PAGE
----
A Focus on Nature: The Attention Restoration Theory

Elly Deakin Biophilic design, Education, Healthy spaces, Uncategorized

When we spend a long period of time on a task without taking a break, we inevitably start to feel our attention span waning. Within modern working environments, we are faced with numerous tasks and activities throughout the day – and in order to get these done efficiently, they require consistent focus. However, excessive working and deadline pressures can increase our stress and anxiety levels, causing mental fatigue, irritableness and disrupted focus.

How can we help to restore our mental energy, so that we work more productively and efficiently?

The Attention Restoration Theory by Rachel and Stephen Kaplan (2010) suggests that exposure to nature can help to renew our attention capacity. Mental tasks require our “directed attention”, where we use mental energy from only certain parts of our brain. However, the theory suggests that exposure to nature requires a different type of attention called “effortless attention” and alternating between the two can help to restore the parts of the brain that we use more regularly.

Today, a vast majority of working environments are located within urbanised areas – unfortunately, we have to deal with disruptive factors including noise pollution caused by the ever-increasing population and ubiquity of technology and transport. Research has shown that this type of chaotic environment can have a negative impact on our stress and energy levels, resulting in mental fatigue.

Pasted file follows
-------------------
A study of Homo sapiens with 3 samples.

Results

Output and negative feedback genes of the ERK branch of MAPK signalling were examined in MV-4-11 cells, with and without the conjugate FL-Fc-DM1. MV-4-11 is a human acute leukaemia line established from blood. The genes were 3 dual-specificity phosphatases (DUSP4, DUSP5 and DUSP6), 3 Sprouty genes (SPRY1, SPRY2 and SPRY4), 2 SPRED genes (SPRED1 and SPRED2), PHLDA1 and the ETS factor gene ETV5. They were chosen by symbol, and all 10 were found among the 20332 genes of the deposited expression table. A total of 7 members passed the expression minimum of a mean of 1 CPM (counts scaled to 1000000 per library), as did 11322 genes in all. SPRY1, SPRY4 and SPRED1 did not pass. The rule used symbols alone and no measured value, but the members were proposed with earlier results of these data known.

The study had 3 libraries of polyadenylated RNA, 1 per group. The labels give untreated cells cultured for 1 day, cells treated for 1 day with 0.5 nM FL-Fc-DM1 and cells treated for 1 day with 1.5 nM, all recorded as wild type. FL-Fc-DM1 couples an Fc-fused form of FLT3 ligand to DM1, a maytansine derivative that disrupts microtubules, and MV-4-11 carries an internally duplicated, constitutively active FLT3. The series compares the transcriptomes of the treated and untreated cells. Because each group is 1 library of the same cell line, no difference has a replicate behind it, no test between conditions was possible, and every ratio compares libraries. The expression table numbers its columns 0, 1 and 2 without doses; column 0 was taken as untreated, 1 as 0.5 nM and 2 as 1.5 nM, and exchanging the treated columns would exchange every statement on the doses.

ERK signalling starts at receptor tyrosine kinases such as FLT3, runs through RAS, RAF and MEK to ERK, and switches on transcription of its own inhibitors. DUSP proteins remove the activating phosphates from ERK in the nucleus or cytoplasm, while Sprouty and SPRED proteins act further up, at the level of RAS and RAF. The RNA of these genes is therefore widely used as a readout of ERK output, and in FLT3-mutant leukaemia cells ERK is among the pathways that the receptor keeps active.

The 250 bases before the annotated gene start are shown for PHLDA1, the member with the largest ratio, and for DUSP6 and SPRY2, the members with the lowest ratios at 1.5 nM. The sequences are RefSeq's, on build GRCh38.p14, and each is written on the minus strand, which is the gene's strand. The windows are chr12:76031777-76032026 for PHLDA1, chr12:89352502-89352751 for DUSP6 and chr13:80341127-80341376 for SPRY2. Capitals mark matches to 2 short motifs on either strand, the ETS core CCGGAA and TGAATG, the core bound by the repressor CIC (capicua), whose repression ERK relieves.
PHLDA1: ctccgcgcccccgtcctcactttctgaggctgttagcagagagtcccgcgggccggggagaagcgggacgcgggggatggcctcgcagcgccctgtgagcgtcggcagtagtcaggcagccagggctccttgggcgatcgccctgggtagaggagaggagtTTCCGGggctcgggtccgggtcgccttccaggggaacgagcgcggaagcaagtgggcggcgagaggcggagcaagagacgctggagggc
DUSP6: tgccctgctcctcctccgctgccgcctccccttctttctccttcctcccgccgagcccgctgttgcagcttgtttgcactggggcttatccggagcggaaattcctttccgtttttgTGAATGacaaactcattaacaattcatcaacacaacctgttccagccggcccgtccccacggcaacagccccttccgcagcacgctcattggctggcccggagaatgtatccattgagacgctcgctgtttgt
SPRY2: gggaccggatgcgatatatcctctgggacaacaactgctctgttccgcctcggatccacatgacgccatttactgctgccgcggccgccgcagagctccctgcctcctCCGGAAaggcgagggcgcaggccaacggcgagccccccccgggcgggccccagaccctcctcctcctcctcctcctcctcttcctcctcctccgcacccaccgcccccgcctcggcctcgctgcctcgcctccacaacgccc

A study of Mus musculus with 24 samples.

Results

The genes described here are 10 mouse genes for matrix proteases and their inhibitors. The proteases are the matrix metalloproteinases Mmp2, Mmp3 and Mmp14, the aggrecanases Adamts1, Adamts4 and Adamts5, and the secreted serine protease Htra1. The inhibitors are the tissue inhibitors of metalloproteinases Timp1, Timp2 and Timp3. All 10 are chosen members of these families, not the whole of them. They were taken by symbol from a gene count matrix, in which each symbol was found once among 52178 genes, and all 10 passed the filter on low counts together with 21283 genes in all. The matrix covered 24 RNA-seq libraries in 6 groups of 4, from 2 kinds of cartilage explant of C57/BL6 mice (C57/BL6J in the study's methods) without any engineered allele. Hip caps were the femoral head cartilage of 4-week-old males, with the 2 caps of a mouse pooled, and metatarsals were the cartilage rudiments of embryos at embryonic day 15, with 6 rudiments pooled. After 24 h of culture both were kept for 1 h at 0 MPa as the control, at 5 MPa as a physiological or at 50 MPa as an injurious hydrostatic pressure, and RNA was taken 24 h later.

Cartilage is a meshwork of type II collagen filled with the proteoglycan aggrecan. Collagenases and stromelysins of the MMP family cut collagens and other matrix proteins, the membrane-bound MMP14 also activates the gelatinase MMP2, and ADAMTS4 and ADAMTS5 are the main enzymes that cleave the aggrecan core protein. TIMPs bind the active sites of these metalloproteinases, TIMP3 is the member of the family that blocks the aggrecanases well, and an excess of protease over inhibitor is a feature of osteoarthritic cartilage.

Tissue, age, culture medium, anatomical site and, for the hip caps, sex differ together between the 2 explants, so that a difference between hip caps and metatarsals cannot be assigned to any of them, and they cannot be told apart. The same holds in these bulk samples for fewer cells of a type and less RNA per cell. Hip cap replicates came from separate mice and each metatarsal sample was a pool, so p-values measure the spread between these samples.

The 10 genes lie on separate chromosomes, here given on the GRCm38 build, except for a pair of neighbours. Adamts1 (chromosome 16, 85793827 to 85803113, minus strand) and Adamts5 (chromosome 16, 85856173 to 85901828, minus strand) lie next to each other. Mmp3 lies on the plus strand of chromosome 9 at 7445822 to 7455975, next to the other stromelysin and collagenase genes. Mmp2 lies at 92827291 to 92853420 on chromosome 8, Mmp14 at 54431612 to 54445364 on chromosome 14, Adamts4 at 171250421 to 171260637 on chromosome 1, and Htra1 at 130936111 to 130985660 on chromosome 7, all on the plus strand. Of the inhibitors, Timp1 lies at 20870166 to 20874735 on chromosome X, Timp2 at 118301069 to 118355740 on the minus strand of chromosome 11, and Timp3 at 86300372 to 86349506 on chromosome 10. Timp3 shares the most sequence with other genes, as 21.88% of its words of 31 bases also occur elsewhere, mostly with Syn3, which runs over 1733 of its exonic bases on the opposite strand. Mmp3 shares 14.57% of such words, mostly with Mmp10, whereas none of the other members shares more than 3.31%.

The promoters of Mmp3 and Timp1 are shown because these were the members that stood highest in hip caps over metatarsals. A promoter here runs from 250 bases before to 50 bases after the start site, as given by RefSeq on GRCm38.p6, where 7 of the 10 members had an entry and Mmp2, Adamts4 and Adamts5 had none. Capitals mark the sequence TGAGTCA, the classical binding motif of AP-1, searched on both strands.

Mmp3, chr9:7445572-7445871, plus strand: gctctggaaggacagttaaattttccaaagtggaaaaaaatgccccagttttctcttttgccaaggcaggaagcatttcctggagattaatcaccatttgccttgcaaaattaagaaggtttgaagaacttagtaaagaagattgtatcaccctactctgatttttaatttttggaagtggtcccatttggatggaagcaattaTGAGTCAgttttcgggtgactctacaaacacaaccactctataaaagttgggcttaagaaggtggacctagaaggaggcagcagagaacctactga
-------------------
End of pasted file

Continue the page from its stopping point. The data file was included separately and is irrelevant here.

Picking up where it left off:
Imagine looking out of a window and watching a bird flutter across the sky or the leaves rustle in the wind – no doubt this will make you feel relaxed. This pleasant distraction gives us a sense of ‘being away’ from our usual hectic routine that involves our “directed attention”.

As architects and interior designers, it’s important to consider Biophilic design principles whilst designing spaces where the user needs to remain attentive for a long period of time, like offices and educational buildings. These can be direct references of nature such as a view out of a window or plants on a desk, as well as indirect references such as natural materials, patterns and textures.

By incorporating Biophilic design principles, we can create moments for “effortless attention” to take place, so we can work more productively and efficiently.

If you’re one to lose focus easily whilst at work, make sure to have a break to nature and notice the amazing difference.